WWOOFing it Up in Kiwiland: organic farming in New Zealand 2012

3 years later and life brings me back to New Zealand. This time for a longer period, for a different purpose, with a different outlook on life than last time. I hope what transpires from a few years of travelling as far and as wide as possible across this beautiful country is a basic but decent knowledge and experience in organic farming, self sustainable living, and food production. Come and join me, there's loads of room in the car.

Monday, 28 September 2009

There's always 3 sides to the coin...

There's always different perspectives to any story. I think that's why I never liked history at school. Black and White. 1 + 1 = 2. Real life, is never so simple. Shades of grey, flashes of white light and pitch darkness punctuate my existence, and 1+1 always = 3...

Following my visit to the women's refuge at Viviana, I had a meeting with Shakti Women's Aid Auckland last Thursday which left me in much more hopeful spirits. They are members of the National Collective of Women's refuges and contrary to what Viviana told me, there is no rule that women can only stay in refuge for 2 weeks. In fact, Shakti reckon that it's a pretty good model and works nationally rather well.

The Director, Farida, actually went to the Shakti Women's Aid in Edinburgh, moved to Auckland and set it up 14 years ago because there was no service for women of Asian, African and Middle Eastern women. The pacific, islanders and Maori women have their own services. There are no 'ethnic minorities' here. The heirarchy are Pakeha and Maori, I'm Pakeha, anyone who's not Maori, is Pakeha. There are no Chinese, South Asian parties in parliament, but there is a Maori party who make a lot of noise....

Anyways, so Shakti brought my domestic abuse research back to speed, in that they were realistic about the seriousness of our task, but actively challeninging, and in a positive way. I liked their energy, their enthusiasm to show me around their organisation and Farida asked me to pass her contact details on to the various people we happen to both know, her through her life's problems and me through my race equality work. It's a small world afterall and in Auckland they're proud that it's 4 degrees less than the average 6 degress of separation that connects everyone in this city. Indeed, for me it's only one because I make the most of my connections...

So Shakti told me that they do have 24 hour refuges and don't turn away women who have additional support needs but have no capacity to support these women separately, as we do in the UK. This was a relief. I didn't want to believe that refuges were turning all these women away. Women's refuges are the only way out for these women sometimes. Also heartening was the size of the organisation with approximately 40 staff, it's the same size as Edinburgh Women's Aid and growing, plus a core group of volunteers that are involved in all aspects of their activity. Really looking forward to visiting them and next week on Tuesday I'm going to the Maori refuge...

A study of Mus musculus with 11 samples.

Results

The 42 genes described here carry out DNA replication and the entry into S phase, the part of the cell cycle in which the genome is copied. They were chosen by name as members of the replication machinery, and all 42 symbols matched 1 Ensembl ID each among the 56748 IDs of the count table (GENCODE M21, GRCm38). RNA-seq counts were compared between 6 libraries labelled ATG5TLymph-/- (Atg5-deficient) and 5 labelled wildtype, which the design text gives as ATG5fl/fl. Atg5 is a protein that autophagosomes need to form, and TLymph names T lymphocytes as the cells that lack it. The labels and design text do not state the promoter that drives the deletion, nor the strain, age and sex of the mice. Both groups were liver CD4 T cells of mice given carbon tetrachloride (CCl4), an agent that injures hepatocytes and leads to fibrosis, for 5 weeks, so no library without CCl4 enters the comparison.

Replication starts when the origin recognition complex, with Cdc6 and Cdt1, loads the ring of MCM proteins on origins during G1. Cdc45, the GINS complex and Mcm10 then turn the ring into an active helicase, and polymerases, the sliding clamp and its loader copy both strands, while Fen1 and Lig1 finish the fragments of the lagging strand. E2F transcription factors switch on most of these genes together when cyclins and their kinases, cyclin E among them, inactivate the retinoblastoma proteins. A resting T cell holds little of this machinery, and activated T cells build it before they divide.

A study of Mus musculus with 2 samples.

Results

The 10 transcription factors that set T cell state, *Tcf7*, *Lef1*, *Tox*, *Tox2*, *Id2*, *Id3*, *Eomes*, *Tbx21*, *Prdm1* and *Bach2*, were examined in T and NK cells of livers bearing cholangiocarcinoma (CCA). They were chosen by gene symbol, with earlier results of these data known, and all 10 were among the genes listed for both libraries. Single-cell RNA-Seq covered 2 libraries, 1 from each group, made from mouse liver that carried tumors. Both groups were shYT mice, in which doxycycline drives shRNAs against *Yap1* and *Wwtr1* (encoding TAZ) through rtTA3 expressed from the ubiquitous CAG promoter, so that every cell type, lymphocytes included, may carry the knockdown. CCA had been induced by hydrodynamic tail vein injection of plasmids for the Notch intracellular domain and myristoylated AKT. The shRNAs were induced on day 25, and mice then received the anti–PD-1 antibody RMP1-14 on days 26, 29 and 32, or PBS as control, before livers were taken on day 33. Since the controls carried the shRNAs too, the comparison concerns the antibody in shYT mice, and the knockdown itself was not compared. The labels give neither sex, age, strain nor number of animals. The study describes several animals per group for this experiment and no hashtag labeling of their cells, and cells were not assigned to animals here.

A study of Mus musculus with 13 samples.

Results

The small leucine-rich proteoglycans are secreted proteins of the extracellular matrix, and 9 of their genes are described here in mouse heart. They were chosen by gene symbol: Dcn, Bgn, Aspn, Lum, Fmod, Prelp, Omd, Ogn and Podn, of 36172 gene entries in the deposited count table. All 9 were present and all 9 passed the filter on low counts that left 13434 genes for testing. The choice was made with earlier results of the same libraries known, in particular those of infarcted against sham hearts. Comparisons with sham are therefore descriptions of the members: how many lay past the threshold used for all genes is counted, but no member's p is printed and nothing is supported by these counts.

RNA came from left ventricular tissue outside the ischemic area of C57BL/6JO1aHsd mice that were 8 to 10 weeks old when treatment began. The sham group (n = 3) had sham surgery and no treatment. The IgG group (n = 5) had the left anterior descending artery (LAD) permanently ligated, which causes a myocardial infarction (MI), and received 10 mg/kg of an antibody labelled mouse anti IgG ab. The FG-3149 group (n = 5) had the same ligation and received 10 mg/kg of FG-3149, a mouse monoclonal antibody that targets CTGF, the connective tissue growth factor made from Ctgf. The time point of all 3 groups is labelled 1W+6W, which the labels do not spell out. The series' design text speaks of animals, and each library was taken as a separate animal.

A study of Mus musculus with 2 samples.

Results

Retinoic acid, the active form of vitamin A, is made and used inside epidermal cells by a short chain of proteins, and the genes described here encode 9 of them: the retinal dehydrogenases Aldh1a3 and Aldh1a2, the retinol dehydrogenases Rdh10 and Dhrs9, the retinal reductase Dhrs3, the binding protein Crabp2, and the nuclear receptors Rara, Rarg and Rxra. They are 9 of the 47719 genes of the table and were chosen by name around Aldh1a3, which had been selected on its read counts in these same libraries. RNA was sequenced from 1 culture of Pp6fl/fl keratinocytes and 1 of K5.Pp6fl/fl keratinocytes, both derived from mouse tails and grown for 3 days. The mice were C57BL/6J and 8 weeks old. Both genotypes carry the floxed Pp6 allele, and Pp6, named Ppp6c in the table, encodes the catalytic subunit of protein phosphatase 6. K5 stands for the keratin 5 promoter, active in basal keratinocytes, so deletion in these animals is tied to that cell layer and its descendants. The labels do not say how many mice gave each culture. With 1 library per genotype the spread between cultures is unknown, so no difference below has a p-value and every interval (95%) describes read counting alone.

On Friday I went to visit Man Alive, another very interesting, active organisation challenging domestic violence from the perpetrators perspective. They started in the 1990 out of a need identified by men who understood that a violence free future for male perpetrators was not being supported by the justice system which put them in jail or community service, only to make them even more violent (if in jail) or set-up to repeat history. It seems obvious to us now, but the shock is beginning to wear off that these organisations have only been around in the last 25 odd years, some only in the last 10 years...anyways, Man Alive have 17 groups across New Zealand with hundreds passing through the doors of their base where I visited. Jim, the Director, explained that 90% of clients are mandated from the courts of justice and thus recieve government funding for their counselling, group therapy or support service uses. The other 10% self refer but are required to pay the fees ($60 to $90 per hour) that are not cheap. A barrier that they are overcoming with a staff member dedicated to funding applications and sourcing alternative funding. I was surprised, but pleasantly, to hear that they have a boys group, from 8 to 13years, then young mens, from 14 up, in addition to the expected men's groups.

Historically, as expected, they were shunned by the women's organisation because they refused to employ female staff. As a Community Development Worker, I believe in these circumstances that this is the best empowerment strategy for men who have lacked male role models through their whole lives. Having cut my teeth on the National Union of Students, Black Students' Campaign, I'm all for self-definition and automous governance. It goes back to that parenting responsibility I talked about before; how can you know others if you have yet to know yourself?

So the good news for Man Alive is that they overcame the barrier to accrediting their counsellors by creating their own body for this and are now becoming more accepted in the gender-biased non-profit and statutory violence prevention sector. United we stand; divided we fall and this applies equally across genders in the feminist movement for equality.